Finally the USDA will do something right for a change. Just this week, the U.S. Department of Agriculture pronounced it would spend $3 million to help the nations honeybees in the Upper Midwest as an act to reverse the damage to bees and colony collapse disorder – linked largely to he abundant use of neonicotinoids and glyphosate.
Honeybees pollinate an estimated $15 billion in crops every year. Many beekeepers bring their hives to the MidWest during the summer so that they can gather nectar and pollen for food, and then truck them to California to pollinate diverse crops from kiwi to rambutan, apples, alfala and pomegranates.
There has been more than a decade of decline in honeybee numbers, with many theories exisiting for their demise. From pesticides and herbicides, malnutrition, genetically modified crops, viruses, and a lack of genetic biodiversity, our bees have been struggling. Both commercial honeybees and those in the wild have suffered from habitat loss and RoundUp ready poisons.
Over the winter, some honeybee colonies have lost as much as 30% of their hive, and they usually use this time to store up strength and food for future seasons.
Jason Weller, the chief of USDA’s Natural Resources Conservation Service says, this will be “a real shot in the arm” for improving bees’ habitats and food supply.
Farmers will be given millions to reseed alfalfa, clover, and other plants that bees like to dine on. They will also be given funds to help build fences, install water tanks, and make other changes on their farms that keep an area from being inhospitable to bees.
“It’s a win for the livestock guys, and it’s a win for the managed honeybee population,” Weller said. “And it’s a win then for orchardists and other specialty crop producers across the nation because then you’re going to have a healthier, more robust bee population that then goes out and helps pollinate important crops.”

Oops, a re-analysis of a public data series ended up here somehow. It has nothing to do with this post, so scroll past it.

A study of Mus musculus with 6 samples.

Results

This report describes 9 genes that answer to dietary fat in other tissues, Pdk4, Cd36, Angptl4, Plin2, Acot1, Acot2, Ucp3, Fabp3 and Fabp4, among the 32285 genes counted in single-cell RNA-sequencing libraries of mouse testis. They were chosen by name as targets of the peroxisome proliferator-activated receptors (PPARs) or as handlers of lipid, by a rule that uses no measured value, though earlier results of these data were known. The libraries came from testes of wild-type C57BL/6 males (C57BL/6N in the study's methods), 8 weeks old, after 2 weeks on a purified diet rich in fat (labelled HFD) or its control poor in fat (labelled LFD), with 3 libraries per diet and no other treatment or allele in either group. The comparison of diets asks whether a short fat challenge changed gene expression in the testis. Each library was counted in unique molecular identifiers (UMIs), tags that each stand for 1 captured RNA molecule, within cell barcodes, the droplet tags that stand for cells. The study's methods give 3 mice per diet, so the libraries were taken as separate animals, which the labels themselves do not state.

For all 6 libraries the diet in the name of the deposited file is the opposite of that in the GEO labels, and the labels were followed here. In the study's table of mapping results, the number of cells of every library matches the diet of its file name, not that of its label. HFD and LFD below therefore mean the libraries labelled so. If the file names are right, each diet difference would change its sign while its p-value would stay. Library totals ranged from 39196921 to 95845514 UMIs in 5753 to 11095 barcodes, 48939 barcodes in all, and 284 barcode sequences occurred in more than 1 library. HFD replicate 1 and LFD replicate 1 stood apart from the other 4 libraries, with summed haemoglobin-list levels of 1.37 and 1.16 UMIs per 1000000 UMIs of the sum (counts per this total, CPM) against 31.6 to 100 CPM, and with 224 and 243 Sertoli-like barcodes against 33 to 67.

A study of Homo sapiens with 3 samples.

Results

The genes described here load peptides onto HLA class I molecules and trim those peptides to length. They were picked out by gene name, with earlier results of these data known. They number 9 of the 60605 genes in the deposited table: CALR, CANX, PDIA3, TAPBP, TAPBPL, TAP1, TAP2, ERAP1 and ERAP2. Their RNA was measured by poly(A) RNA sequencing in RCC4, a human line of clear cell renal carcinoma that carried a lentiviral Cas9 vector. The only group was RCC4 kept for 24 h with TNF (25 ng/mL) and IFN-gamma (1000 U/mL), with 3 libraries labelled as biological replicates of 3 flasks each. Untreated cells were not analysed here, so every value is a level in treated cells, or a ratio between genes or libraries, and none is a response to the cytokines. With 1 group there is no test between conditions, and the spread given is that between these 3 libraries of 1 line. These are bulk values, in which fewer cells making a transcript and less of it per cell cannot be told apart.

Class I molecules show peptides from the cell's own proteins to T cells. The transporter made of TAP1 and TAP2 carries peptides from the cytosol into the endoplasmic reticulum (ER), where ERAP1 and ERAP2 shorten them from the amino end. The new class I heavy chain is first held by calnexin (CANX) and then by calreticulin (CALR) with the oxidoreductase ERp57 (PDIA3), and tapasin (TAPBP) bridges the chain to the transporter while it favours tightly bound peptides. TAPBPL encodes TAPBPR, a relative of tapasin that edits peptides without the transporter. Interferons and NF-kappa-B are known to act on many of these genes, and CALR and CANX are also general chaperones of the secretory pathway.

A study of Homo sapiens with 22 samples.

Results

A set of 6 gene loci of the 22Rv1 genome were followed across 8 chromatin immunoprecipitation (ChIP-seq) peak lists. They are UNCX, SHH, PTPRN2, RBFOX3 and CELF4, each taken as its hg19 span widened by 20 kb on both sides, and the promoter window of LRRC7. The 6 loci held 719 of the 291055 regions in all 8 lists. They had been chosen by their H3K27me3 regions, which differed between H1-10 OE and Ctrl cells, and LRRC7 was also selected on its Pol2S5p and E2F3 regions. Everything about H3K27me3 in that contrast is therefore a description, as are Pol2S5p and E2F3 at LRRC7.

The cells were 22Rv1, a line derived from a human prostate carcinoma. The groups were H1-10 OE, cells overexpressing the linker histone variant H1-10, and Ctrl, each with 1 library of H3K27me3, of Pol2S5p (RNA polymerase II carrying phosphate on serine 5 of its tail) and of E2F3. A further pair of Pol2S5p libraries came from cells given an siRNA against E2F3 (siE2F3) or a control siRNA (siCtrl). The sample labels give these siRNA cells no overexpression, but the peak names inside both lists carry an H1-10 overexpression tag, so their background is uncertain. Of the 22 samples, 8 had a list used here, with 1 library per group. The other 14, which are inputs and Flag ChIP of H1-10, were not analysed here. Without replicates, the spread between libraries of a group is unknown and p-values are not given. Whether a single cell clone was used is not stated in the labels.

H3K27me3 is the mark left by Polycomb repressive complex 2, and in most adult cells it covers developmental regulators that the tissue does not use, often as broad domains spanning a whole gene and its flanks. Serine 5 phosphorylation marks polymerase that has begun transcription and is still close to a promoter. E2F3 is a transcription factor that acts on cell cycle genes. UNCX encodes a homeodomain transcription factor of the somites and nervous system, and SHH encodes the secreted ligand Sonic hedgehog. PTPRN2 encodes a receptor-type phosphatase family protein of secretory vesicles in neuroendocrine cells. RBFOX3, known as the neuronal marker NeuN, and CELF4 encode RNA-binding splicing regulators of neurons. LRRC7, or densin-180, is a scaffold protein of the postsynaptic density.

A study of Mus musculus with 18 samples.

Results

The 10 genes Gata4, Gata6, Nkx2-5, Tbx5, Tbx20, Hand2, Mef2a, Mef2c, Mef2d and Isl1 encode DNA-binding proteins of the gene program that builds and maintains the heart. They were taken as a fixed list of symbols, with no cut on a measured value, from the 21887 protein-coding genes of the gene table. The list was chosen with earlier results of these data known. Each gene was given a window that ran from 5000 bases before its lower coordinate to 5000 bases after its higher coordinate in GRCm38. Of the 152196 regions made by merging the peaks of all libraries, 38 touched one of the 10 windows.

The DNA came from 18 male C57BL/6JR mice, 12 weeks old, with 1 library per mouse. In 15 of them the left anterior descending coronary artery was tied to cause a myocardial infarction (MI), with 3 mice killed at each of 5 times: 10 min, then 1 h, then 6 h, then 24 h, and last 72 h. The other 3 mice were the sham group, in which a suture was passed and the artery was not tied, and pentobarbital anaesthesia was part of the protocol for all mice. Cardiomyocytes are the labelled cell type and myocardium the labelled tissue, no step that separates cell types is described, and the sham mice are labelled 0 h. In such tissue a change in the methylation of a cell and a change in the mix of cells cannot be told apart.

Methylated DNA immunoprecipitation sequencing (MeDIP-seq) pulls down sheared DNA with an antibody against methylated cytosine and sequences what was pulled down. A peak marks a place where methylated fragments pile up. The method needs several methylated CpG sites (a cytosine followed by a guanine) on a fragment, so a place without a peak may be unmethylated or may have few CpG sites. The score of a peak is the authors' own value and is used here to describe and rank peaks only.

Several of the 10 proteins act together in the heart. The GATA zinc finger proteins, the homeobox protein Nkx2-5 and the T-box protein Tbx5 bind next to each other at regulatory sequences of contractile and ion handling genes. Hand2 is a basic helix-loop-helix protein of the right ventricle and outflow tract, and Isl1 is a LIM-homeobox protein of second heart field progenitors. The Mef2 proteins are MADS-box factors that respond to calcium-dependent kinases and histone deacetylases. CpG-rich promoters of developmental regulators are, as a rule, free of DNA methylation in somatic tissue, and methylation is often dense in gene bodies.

The USDA is targeting just five states since more than 30,000 commercial beekeepers bring their hives to these areas during the warm season. The agency is hoping to get a big bang for their buck – and while this is a great step in the right direction, it doesn’t address the underlying problem(s), such as GMO and the abundant use of neonicotinoids and glyphosate.
Corn and soybean farmers will be given funds to plant cover crops – but if they are mixed in with GMO and herbicides, will this really do the trick? They have also resorted to feeding bees high fructose corn syrup. This has negative effects on people, so why feed it to bees? Why not just restore the natural ecosystem in which bees thrive?
Tim Tucker, who has between 400 and 500 hives at sites in Kansas and Texas, said he may take some of his bees to South Dakota this year because the fields around his farm near Niotaze, Kan., no longer provide much food for them.
“There used to be a lot of small farms in our area that had clover and a variety of crops, whereas in the last 20 years it’s really been corn, soybean and cotton and a little bit of canola,” Tucker said. “But those crops don’t provide a lot of good nectar and pollen for bees.”
The USDA has partnered with Universities to study bee colonies and looks to many entomologists to recommend changes.
“It’s not a cure all,” says Tucker, but “anything we do to help provide habitat for honeybees and for native bees and pollinators is a step.”